Disorders of the pleura include

  • Pleurisy - inflammation of the pleura that causes sharp pain with breathing
  • Pleural effusion - excess fluid in the pleural space
  • Pneumothorax - buildup of air or gas in the pleural space
  • Hemothorax - buildup of blood in the pleural space

Many different conditions can cause pleural problems. Viral infection is the most common cause of pleurisy. The most common cause of pleural effusion is congestive heart failure. Lung diseases, like COPD, tuberculosis, and acute lung injury, cause pneumothorax. Injury to the chest is the most common cause of hemothorax. Treatment focuses on removing fluid, air, or blood from the pleural space, relieving symptoms, and treating the underlying condition.

NIH: National Heart, Lung, and Blood Institute

Symptoms of Pleural Disorders

The following features are indicative of Pleural Disorders:
  • sharp or stabbing chest pain
  • shortness of breath
  • cough
  • fever
  • chills
  • unexplained weight loss
  • tiredness
  • rapid heart rate
  • bluish tint to the skin
  • anxiety
It is possible that Pleural Disorders shows no physical symptoms and still be present in a patient.


The following are the most common causes of Pleural Disorders:
  • viral infections
  • cancer
  • chest injuries
  • pancreatitis
  • coronary artery bypass grafting

Other Causes of Pleural Disorders

The following are the less common causes of Pleural Disorders:
  • smoking
  • family history
  • heart failure
  • lung infections

Risk Factors for Pleural Disorders

The following factors may increase the likelihood of Pleural Disorders:
  • smoking
  • viral infections
  • chest injuries
  • cancer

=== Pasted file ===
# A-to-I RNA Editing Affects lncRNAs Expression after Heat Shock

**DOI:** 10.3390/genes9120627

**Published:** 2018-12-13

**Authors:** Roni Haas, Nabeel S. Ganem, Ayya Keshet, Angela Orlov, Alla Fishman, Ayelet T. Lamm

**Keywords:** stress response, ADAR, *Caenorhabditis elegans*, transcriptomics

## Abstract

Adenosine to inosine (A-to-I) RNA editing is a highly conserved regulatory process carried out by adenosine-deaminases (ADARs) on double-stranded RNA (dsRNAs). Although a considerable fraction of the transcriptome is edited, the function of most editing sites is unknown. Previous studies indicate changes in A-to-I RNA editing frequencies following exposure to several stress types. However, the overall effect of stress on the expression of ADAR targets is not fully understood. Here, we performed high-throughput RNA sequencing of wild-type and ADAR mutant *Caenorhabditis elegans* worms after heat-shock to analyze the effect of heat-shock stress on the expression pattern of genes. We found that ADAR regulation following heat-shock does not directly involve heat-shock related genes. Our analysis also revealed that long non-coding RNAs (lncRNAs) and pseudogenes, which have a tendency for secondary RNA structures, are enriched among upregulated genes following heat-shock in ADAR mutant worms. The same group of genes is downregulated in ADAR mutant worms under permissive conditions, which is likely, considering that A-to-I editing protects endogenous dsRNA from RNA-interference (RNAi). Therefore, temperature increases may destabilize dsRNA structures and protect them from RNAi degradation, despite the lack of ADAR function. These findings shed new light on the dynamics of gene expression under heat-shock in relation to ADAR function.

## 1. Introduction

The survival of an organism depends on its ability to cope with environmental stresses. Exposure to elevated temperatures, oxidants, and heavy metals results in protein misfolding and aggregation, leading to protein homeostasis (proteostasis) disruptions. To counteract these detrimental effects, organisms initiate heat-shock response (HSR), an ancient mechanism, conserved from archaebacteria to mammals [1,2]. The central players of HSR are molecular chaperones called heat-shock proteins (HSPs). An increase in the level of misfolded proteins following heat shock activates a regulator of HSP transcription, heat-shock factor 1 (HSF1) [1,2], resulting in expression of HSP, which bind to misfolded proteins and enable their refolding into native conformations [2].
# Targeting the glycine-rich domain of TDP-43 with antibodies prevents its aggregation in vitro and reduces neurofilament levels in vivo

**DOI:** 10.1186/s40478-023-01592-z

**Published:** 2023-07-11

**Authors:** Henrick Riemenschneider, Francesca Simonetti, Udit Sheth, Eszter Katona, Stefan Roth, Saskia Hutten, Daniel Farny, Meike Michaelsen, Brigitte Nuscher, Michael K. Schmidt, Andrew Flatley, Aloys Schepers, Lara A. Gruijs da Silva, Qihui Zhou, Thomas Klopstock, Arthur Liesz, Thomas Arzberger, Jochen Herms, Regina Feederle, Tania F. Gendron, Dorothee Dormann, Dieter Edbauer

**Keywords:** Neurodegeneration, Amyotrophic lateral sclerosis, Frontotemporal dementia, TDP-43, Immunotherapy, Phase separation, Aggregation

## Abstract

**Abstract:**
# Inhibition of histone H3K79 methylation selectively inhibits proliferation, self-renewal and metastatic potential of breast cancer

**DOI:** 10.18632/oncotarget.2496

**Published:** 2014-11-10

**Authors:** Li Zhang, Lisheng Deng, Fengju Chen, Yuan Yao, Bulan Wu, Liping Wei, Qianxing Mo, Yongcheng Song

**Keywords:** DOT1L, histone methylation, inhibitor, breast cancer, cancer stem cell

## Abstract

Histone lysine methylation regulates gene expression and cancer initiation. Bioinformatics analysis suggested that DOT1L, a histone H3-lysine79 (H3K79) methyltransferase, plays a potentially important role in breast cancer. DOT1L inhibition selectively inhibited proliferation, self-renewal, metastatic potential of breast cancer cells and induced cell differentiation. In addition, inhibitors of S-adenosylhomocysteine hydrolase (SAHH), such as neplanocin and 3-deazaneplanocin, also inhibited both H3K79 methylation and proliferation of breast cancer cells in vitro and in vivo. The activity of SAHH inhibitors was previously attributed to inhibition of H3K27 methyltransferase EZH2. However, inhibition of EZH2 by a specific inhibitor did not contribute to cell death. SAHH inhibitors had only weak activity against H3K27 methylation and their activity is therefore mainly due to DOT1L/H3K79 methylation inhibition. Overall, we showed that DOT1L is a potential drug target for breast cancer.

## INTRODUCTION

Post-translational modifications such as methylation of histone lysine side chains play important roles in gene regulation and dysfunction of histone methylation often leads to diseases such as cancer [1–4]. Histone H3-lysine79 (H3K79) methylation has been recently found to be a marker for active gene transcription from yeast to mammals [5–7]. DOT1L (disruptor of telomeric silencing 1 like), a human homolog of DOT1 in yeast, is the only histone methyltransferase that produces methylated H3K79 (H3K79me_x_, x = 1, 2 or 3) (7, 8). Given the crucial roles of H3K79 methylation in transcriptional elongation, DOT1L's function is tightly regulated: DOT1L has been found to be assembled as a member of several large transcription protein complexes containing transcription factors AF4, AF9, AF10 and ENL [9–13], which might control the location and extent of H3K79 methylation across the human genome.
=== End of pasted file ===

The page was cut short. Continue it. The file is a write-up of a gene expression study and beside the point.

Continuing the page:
• lung diseases

Prevention of Pleural Disorders

Yes, it may be possible to prevent Pleural Disorders. Prevention may be possible by doing the following:
  • avoid smoking
  • use of a closed drainage system

Occurrence of Pleural Disorders

Number of Cases

The following are the number of Pleural Disorders cases seen each year worldwide:
  • Common between 1 - 10 Million cases

Common Age Group

Pleural Disorders can occur at any age.

Common Gender

Pleural Disorders can occur in any gender.

Lab Tests and Procedures for Diagnosis of Pleural Disorders

The following lab tests and procedures are used to detect Pleural Disorders:
  • Physical Exam: By listening to your breath with a stethoscope to determine the pleural disorders
  • Chest X Ray: To view air or fluid in the pleural space and detect the cause of pleural disorder
  • Chest computed tomography scan: To look for the signs and causes of pleural disorders
  • Ultrasound: To view the pictures of your lungs
  • Chest magnetic resonance imaging scan: To view pleural effusions and tumors
  • Blood Tests: To detect the illness that increases your risk of pleural disorder
  • Arterial Blood Gas Test: To check the blood's oxygen and carbon dioxide levels
  • Thoracentesis: To evaluate whether fluid has built up in the pleural space and where it is
  • Fluid Analysis: To detect the signs of infection
  • Biopsy: To diagnose the pleural disorders

Doctor for Diagnosis of Pleural Disorders

Patients should visit the following specialists if they have symptoms of Pleural Disorders:
  • Pulmonologists

Complications of Pleural Disorders if untreated

Yes, Pleural Disorders causes complications if it is not treated. Below is the list of complications and problems that may arise if Pleural Disorders is left untreated:
  • sharp chest pain
  • can be fatal

Procedures for Treatment of Pleural Disorders

The following procedures are used to treat Pleural Disorders:
  • Thoracentesis: To drain fluid, air, or blood from the pleural space
  • Pleurodesis: Seals the pleural space
  • Chemotherapy: To decrease the size of the tumors

Self-care for Pleural Disorders

The following self-care actions or lifestyle changes may help in the treatment or management of Pleural Disorders:
  • Get plenty of rest: Makes you feel better
  • Take medication as prescribed: To relieve pain and inflammation

Patient Support for Treatment of Pleural Disorders

The following actions may help Pleural Disorders patients:
  • Join supporting research groups: Provides medical knowledge and care about the disease

Is Pleural Disorders Infectious?

Yes, Pleural Disorders is known to be infectious. It can spread across people via the following means:
  • cough or sneeze of an infected person

Last updated date

This page was last updated on 2/04/2019.
This page provides information for Pleural Disorders.